Fired Comcast worker's story ignites new campaign in Philly

[CWA announcement]

A Comcast employee fired during a CWA organizing campaign at an Oakland, Calif., call center told his story to religious leaders and other activists last week in Philadelphia — Comcast's hometown — to encourage them to put pressure on the company to restore his own job and treat other workers fairly.

Philadelphia Interfaith Worker Justice, Jobs with Justice and the AFL-CIO helped make Will Goodo's trip possible. Since then, AFL-CIO Senior Organizer Frank Synder said, church leaders and other activists have begun sending letters to Comcast CEO Brian Roberts.

Goodo spoke with individuals and groups, with some of his audience accustomed to Comcast's anti-union tactics and others "legitimately surprised that this is their neighbor and this is how their neighbor conducts its corporate business," Synder said.

Goodo, who was working with CWA to try to organize fellow Comcast dispatchers, was fired in January, shortly after testifying against the company at an Oakland City Council hearing on Comcast's cable franchise. Comcast claims he was fired because of a customer complaint — a problem both Goodo and the customer say never happened.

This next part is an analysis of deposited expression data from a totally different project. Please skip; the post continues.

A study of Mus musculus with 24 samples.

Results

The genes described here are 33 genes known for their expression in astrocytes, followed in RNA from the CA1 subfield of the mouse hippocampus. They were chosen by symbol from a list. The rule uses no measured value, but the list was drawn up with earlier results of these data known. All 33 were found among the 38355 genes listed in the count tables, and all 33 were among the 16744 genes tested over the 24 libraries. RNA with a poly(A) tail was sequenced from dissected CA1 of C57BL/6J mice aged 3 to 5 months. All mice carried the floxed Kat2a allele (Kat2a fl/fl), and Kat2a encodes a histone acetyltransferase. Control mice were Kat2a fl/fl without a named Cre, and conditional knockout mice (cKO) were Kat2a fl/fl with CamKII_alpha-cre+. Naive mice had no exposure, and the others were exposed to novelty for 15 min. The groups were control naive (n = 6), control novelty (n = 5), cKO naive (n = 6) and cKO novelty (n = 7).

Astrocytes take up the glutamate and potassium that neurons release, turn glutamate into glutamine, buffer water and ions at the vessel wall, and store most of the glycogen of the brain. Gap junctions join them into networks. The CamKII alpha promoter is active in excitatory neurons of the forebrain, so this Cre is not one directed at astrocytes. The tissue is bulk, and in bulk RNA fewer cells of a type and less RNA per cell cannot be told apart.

The faith community and the AFL-CIO reached out to Comcast leaders in Philadelphia, asking for a meeting with Goodo while he was in town. He was refused. Instead, Charisse Lillie, the company's senior vice president for human resources, sent a low-level employee to the lobby to accept papers Goodo brought with him. Those included a letter from the customer involved saying he never complained about Goodo.

Snyder said the Philadelphia activists reached out to Goodo because Comcast's behavior can't be tolerated or all workers will suffer. "Anytime a worker is discharged for what we allege is union activity, it's the most heinous of crimes in our world," he said. "These are the people we really have to go to bat for. Otherwise, people will look at organizing and the risks involved and probably think twice."

Synder said the activists in Philadelphia want "to hold Comcast accountable to a moral and ethical standard." An adverse ruling in Goodo's case at the regional level of the National Labor Relations Board is being appealed by CWA to the full NLRB.

Goodo said he's read online accounts of many employees' battles with Comcast and other union-busting companies and hopes "I can be a voice for all the people that can't speak up."

He noted the personal irony of being fired after speaking his own mind. "I served my country for 17 and a half years in the Navy and I never thought I would come back to my own country and not have the freedom to say what I want to say," he said.